For someone who enjoys working with their hands to solve problems or automate processes, our 51-week Robotics & Automation Technician training program could be a great fit!1
Tammy has witnessed firsthand how our graduates have transformed into valuable assets within their teams at ZEISS. Her experience delivering quality solutions for customers across various sectors has provided her with the opportunity to hire employees who can aid in this mission. She explains, "ZEISS looks for technicians with a diverse and strong background in electrical or mechanical foundation.”
Students in the program learn electrical, mechanical and programming skills including programmable logic controller – which is valued by the industry – as well as 3D printing, industrial networking, instrumentation and control and more.
“Because the curriculum is so diverse, it really gives them a leg up in the training to understand the concepts and then utilize that when they go out into the field, working with the customers,” says Tammy. It's this strong foundational knowledge that has helped graduates prepare to enter the field.
Another reason why employers like ZEISS have hired our graduates is because we prioritize training how the industry does. That means staying up to date with industry trends and training students on tools and technology found in the field by creating brand relationships with both local and national employers.
“The fact that MIAT works together with local industries to talk about the new technologies and bring that into their curriculum has been a huge benefit to ZEISS,” Tammy emphasizes.
These relationships help to ensure that graduates have hands-on experience training with industry technologies, preparing them for the field.
But what industries need robotics and automation technicians? According to Tammy, she says, “There are so many opportunities out there in the industrial industry and electronics, automation, robots, even new EV segments that are out there.”
ZEISS, for example, has clients from all types of industries. From automotive to aerospace, industrial, and medical, and ZEISS doesn’t seem to be slowing down their hiring efforts. The market “is growing constantly and changing," as Tammy puts it.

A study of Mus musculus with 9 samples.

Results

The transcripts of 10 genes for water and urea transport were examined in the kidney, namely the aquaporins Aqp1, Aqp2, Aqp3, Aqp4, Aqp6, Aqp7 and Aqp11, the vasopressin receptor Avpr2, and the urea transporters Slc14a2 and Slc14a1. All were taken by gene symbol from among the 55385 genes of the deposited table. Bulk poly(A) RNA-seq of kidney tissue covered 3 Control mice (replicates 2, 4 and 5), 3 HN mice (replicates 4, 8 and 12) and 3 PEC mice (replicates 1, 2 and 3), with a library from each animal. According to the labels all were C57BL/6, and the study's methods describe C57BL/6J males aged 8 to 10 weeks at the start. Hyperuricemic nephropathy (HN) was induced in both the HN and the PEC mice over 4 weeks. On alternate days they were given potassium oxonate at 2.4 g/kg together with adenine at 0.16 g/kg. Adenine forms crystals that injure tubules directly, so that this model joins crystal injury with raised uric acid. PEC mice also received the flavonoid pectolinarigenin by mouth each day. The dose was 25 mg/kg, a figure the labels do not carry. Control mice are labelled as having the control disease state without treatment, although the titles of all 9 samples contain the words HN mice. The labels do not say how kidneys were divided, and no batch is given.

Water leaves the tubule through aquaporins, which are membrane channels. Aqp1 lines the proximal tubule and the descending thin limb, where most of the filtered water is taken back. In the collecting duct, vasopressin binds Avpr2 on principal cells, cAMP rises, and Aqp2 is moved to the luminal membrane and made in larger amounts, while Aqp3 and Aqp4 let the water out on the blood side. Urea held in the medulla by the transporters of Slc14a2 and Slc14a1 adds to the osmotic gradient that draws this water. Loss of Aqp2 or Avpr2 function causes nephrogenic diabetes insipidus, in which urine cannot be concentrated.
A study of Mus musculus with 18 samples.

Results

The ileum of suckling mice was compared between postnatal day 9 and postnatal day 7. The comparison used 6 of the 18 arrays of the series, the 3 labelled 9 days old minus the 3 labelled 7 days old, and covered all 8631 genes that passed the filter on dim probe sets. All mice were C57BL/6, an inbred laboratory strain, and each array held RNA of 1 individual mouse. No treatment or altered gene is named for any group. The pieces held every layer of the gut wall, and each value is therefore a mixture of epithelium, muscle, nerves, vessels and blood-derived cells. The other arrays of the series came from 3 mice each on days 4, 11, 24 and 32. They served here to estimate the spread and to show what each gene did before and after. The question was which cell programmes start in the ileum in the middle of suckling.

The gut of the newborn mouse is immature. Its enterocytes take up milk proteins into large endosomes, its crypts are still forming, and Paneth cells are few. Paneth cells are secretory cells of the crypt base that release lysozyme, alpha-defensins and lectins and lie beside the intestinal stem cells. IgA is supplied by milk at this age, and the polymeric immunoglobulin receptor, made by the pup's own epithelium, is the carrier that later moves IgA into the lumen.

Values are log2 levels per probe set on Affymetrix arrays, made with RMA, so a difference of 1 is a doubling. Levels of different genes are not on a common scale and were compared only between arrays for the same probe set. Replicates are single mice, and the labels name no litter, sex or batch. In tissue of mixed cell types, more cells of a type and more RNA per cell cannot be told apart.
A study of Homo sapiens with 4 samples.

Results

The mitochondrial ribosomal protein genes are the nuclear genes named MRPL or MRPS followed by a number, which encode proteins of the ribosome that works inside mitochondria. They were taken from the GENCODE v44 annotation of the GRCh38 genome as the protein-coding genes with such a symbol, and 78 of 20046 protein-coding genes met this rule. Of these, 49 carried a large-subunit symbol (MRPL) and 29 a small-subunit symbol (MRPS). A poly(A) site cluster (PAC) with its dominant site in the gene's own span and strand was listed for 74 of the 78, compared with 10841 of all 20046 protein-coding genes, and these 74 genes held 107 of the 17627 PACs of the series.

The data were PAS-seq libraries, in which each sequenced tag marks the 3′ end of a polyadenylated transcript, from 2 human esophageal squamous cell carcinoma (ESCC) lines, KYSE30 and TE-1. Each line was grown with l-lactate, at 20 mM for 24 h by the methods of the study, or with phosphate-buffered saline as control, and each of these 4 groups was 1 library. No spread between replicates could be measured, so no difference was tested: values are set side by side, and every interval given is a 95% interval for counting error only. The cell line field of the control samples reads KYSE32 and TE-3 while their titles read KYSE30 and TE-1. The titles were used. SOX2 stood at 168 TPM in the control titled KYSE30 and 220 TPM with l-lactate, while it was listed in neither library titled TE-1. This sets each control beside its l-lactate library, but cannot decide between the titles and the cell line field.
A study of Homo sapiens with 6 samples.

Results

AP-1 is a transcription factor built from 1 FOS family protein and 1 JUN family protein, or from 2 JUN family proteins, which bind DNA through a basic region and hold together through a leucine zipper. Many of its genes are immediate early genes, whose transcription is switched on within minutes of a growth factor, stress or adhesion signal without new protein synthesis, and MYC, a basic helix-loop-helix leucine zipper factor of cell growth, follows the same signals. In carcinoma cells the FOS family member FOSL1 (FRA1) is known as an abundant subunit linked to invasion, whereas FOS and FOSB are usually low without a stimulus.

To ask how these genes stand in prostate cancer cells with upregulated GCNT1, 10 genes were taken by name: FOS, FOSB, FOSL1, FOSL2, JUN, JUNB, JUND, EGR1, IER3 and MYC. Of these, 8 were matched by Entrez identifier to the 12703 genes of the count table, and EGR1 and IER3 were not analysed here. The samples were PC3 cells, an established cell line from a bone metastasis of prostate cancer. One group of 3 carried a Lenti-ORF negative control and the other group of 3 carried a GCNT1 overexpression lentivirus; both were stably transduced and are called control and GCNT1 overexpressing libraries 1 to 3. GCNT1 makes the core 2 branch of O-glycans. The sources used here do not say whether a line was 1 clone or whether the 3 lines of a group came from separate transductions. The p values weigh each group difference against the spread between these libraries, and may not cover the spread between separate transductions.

“Zeiss is constantly recruiting new employees and sees this as a yearly effort," she states.
In her final note, Tammy encourages those who are interested in a career in robotics and automation to "keep an open mind.” The future is bright for this industry and technician training could be a stepping stone toward a career in this exciting field!
2) For program outcome information and other disclosures, visit www.uti.edu/disclosures for UTI and www.miat.edu/disclosures for MIAT.
6) UTI and MIAT graduates’ achievements may vary. Individual circumstances and wages depend on personal credentials and economic factors. Work experience, industry certifications, the location of the employer and their compensation programs affect wages. UTI and MIAT are educational institutions and cannot guarantee employment or salary.
10) Financial aid, scholarships and grants are available to those who qualify. Awards vary due to specific conditions, criteria and state.
63) Bureau of Labor Statistics (BLS), U.S. Department of Labor, Occupational Outlook Handbook, Wind Turbine Technicians, https://www.bls.gov/ooh/installation-maintenance-and-repair/wind-turbine-technicians.htm. BLS projects total employment will increase from 11,100 in 2021 to 16,100 in 2031. UTI and MIAT are educational institutions and cannot guarantee employment or salary. For program outcome information and other disclosures, visit www.uti.edu/disclosures for UTI and www.miat.edu/disclosures for MIAT.
Universal Technical Institute of Illinois, Inc. is approved by the Division of Private Business and Vocational Schools of the Illinois Board of Higher Education.